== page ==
Media Democracy's Moment | The Nation


Media Democracy's Moment


About the Author

Robert W. McChesney
Robert McChesney is Gutgsell Endowed Professor in the Department of Communication at the University of Illinois. He...
John Nichols
John Nichols
John Nichols, a pioneering political blogger, has written the Beat since 1999. His posts have been circulated...


Though Powell and the two other Republican-sponsored commissioners, Kevin Martin and Kathleen Abernathy, have agreed to attend at least some of the informal hearings, the FCC appears to be sticking with a plan to hold only one official public hearing, on February 27 in Richmond, Virginia. Once viewed as perfunctory, the hearing is now shaping up as a major focus of dissent. Activists with the Prometheus Radio Project and other reform groups plan to rent buses and converge on Richmond--a level of engagement that would have been unimaginable just a few years ago.

The rising citizen interest has inspired members of Congress to begin shaping legislation designed to prevent more consolidation and to start reversing at least some of what has already occurred. GOP Senator John McCain, the new chair of the Senate Commerce Committee, which oversees the FCC, grilled representatives of the Clear Channel conglomerate and the National Association of Broadcasters at a January 30 committee hearing and says that media consolidation is going to be one of his hot-button issues for 2003. McCain replaces Democrat Ernest Hollings, who along with Sanders has been one of the few Congressmen willing to take on the lobby. Representative John Conyers, the ranking Democrat on the House Judiciary Committee, is examining the prospect of challenging broadcast monopolies, while GOP Representative Mark Foley is talking about the need for Congress to assure that citizens have access to information about policy and politics. And McCain's campaign-finance-reform comrade, Democratic Senator Russ Feingold, has written legislation that would prevent the FCC from removing remaining limits on the number of radio stations a corporation can own in one community.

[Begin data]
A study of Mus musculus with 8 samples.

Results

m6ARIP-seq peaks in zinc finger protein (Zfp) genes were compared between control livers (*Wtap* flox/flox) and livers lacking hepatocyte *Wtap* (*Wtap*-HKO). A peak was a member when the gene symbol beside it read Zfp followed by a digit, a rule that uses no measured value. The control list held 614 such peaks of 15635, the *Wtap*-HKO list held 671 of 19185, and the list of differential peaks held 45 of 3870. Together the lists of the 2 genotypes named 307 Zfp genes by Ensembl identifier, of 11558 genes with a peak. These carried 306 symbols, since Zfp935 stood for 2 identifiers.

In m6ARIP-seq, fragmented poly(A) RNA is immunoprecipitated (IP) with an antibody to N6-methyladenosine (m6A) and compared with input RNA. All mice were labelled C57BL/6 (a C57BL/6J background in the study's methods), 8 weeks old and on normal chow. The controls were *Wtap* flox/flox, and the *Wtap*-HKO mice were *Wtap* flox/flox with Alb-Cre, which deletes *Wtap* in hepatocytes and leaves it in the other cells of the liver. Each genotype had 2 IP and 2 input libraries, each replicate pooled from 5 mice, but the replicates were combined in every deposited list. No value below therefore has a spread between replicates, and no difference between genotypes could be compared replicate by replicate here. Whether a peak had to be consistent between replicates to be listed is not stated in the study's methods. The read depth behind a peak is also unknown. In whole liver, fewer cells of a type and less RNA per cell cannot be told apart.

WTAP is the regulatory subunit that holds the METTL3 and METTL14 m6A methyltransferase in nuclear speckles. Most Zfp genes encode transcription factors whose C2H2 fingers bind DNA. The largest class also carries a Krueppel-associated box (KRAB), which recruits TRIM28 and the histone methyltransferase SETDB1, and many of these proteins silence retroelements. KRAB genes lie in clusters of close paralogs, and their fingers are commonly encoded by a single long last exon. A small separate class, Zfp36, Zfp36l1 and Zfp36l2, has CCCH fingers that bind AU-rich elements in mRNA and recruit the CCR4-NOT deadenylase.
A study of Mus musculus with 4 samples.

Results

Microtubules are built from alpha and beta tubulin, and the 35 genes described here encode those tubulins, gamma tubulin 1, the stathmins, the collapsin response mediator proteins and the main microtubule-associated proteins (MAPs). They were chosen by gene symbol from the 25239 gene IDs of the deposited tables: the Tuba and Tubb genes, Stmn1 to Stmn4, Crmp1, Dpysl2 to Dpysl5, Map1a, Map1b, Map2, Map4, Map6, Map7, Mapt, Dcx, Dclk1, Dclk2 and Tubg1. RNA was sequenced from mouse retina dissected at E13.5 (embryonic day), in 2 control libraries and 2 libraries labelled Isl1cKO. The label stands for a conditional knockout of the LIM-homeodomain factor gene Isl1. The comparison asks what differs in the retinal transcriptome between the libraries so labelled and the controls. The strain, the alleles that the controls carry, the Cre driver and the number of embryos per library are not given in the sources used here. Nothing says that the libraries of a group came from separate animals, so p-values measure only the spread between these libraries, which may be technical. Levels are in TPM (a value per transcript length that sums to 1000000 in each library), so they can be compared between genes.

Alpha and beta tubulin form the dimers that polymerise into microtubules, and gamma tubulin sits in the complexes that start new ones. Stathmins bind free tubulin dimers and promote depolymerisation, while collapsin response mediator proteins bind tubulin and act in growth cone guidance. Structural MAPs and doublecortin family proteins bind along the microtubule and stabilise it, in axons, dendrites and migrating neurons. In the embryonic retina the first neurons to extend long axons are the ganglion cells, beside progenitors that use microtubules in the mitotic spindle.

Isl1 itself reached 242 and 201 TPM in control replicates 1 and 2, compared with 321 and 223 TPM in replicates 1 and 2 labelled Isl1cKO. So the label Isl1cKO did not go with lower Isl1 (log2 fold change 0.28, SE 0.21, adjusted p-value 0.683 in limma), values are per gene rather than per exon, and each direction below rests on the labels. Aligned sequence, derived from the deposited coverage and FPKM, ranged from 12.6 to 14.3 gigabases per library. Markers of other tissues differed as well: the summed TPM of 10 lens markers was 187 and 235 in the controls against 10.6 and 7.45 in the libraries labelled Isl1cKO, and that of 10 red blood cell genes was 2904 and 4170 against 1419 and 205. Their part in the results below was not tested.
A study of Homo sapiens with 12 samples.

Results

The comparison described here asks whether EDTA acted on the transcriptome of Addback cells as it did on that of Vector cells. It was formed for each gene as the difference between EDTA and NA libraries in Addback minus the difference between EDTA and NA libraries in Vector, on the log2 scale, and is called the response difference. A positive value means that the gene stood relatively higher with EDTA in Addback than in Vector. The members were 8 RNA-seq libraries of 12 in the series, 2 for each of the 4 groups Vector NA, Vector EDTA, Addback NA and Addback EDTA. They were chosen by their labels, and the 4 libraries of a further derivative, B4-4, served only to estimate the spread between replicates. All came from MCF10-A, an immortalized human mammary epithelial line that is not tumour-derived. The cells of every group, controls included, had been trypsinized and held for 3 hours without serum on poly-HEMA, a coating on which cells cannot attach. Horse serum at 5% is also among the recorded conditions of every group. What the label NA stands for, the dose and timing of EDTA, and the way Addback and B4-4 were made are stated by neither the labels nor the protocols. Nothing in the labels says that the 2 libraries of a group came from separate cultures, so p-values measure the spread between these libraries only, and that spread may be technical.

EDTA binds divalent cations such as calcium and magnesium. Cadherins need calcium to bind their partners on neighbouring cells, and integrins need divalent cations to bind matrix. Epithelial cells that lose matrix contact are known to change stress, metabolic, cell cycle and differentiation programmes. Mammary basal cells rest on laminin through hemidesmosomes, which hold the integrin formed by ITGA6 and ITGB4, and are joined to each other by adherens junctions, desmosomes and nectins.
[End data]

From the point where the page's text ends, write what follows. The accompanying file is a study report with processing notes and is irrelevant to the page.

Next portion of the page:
Feingold's Competition in Radio and Concert Industries Act would also strengthen the FCC's merger review process by requiring the commission to scrutinize mergers of radio station ownership groups if those mergers might allow the new conglomerate to reach more than 60 percent of the nation's radio listeners. "The last time I checked, radio airwaves continued to be owned by the public," says Feingold, whose legislation has drawn broad support from musicians, media unions and consumer groups. "We need to remind the FCC that radio is a public medium. It must serve the public good." In a January speech that linked the struggle for media reform to broader efforts to renew American democracy the senator argued, "People should have choices, listeners should have a diversity of options, and Americans should be able to hear new and different voices. Radio allows us to connect to our communities, to our culture and our democracy. It is one of the vibrant mediums we have for the exchange of ideas, and for artistic expression. We must fight to preserve it."

Michael Bracy, director of government relations for the Future of Music Coalition, which recently produced a devastating study of the dearth of diversity in the radio industry, says it is time to start thinking about the fight for media democracy--starting with the upcoming FCC vote--as a winnable one. "I don't believe Michael Powell wants to make these sweeping rules changes on 3-to-2 votes, and it is not at all clear that there is a consensus for the changes anymore," Bracy says. "In fact, there might even be a consensus emerging in opposition to at least some of the changes." He adds, "I think Powell and the other commissioners are going to be under pressure from people in the Bush Administration who want these changes. But with the kind of activism we are seeing, and with so many members of Congress starting to speak up, it is no longer a foregone conclusion that we are going to see these rules rewritten. It is no longer a foregone conclusion that we are going to have to accept even more consolidation."

The battle over media ownership that will be waged over the next few months will be a different one than even the most optimistic critics of corporate media would have imagined just a few months ago. The outcome is very much up for grabs, and the revolution is still not being televised. But the window of opportunity for genuine media reform has been opened.